YOUTH IN FOCUS: I have always strived to be a topper. I wanted a good job and a cool car. After graduating, I found a job with a high salary and soon I will buy a car. Suddenly, though, I feel empty. I feel that achieving my goals has not brought me satisfaction. What now? Do I strive higher or quit everything?

Confused, Thimphu      

 Well, confused, I think your dilemma is a universal one.  Most people think that more equals happier, and so the world is filled with unsatisfied people. You see, if we believe that only after we get a better job or a more expensive car we will be content then that means that we are discontent now. We feel that in the present moment we are inadequate or that we don’t have enough. We call this a poverty mentally.

So, you ask should you strive higher or stop altogether. I think that neither response offers a solution. If we quit a highly paid job and move to a small village, we may outwardly appear simple but inside may still have a lot of desire and jealousy. Contrarily, if we continuously strive higher with the expectation that one day we will finally be satisfied, then we will live discontented lives. 

Actually, there are two points to consider: First, we should understand that real wealth is not a big car or money in the bank, but the ability to be content with what we have. Being able to really savour a cup of coffee or to genuinely enjoy a piece of music is true wealth – real contentment. Think of it like climbing a mountain. At first we believe that only after reaching the peak we will be happy, and so we climb fast. Slowly, however, we begin to appreciate the scenery and enjoy the fresh air. We stop rushing, and instead advance one step at a time. Finally, we enjoy the walk so much that it becomes irrelevant whether we reach the peak or not. We have already achieved our goal to be content.

The other point is a little more complicated, but I’ll try to explain it simply. All material things are compounded and impermanent and so can never offer us long term satisfaction. Ok, now I imagine that you are shaking your head and thinking, ‘what is this guy talking about’, and so I’ll give an example.

Think of the Kuensel that you are holding. It is made of paper, right? Now, if you follow its journey back, you’ll discover that the paper was made from wood that came from a tree. In turn, the tree grew from a seed through its interaction with moisture from rain, warmth from sunlight and nutrition from soil. Therefore, the Kuensel in our hands is just a temporary joining together of factors. It is not a permanent thing. At the moment you are reading it, but by tomorrow it will already be garbage and soon it will be part of the soil helping a new tree to grow.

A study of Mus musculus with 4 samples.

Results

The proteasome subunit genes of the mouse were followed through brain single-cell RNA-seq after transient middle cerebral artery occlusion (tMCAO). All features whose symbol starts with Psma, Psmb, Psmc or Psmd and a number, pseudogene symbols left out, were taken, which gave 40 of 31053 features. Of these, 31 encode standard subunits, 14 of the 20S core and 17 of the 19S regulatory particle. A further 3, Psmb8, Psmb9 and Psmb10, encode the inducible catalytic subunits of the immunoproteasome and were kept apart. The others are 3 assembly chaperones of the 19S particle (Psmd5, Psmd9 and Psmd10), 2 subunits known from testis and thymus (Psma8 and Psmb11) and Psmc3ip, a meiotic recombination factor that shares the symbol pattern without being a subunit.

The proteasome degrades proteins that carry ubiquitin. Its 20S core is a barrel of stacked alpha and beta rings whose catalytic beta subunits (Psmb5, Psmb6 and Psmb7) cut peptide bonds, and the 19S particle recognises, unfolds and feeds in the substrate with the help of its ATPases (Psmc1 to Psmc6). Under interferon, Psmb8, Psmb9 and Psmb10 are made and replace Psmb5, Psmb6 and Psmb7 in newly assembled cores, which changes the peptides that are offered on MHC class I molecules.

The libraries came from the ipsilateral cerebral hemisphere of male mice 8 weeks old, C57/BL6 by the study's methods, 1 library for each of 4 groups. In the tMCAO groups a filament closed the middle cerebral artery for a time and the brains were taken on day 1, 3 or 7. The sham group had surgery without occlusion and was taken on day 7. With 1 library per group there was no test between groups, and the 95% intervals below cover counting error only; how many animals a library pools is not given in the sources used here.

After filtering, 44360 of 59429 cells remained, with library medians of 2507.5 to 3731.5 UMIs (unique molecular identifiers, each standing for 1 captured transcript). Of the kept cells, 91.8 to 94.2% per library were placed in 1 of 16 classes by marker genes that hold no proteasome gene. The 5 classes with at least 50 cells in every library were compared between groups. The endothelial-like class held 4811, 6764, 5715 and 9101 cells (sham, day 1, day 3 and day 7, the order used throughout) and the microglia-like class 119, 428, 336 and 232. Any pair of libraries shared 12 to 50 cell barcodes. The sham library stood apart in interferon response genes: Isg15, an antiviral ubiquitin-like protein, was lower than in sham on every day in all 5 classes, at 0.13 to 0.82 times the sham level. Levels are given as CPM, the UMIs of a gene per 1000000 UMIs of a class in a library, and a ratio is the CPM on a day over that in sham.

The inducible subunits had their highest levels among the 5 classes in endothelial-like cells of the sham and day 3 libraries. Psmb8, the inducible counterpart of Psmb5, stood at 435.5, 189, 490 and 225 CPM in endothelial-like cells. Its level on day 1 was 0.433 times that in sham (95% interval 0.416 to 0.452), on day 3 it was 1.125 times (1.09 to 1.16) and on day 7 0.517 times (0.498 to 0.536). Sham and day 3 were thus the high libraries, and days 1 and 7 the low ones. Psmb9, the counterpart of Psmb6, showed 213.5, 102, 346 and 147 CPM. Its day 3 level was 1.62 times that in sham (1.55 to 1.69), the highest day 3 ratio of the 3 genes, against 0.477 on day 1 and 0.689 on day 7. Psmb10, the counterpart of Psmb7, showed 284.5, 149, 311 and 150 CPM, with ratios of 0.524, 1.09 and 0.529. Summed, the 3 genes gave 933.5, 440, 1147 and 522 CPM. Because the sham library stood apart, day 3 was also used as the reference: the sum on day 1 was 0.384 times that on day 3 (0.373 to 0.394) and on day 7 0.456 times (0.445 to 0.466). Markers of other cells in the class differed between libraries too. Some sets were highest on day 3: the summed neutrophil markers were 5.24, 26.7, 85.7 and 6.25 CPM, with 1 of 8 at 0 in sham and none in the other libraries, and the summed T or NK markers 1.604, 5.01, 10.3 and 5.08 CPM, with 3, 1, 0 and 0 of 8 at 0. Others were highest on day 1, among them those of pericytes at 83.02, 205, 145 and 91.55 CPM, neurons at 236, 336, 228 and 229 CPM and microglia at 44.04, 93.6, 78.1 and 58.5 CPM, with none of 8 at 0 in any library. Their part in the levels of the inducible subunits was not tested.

It is not only Kuensel that exists in this way, but everything in the universe is just a temporary joining together of factors. Even something solid like a mountain is just made of rock and stone and will one day disappear. Consequently, we say that everything is like a rainbow or a mirage; we can see them, but under examination we find nothing permanent – just a temporary joining together of factors.

Are you following my logic? A mirage cannot make us happy, right? As soon as we try to reach it, it disappears. Cars, houses, etc may exist longer than a mirage, but in reality they are the same – just temporary things that appear when certain factors join together. Ultimately, they don’t exist and will change and disappear.     

Ok, I know this is confusing. Over time, it will make sense.

Anyway, back to your question. It is fine if you have a good job and nice car. The trick is to constantly remind yourself that these things cannot bring you long term satisfaction. If you can do this, you will not feel disappointed or empty. Personally, I recommend that you do your work like climbing a mountain – making each step a goal. To do this, undertake your work mindfully and show care and respect for your colleagues and customers. One day, you may become the boss of a multi-national company, but it won’t matter. You’ll already be content.

Shenphen Zangpo was born in Swansea, UK, but spent more than 28 years practicing and studying Buddhism in Taiwan and Japan. Currently, he works with the youth and substance abusers in Bhutan, teaching meditation and organising drug outreach programmes.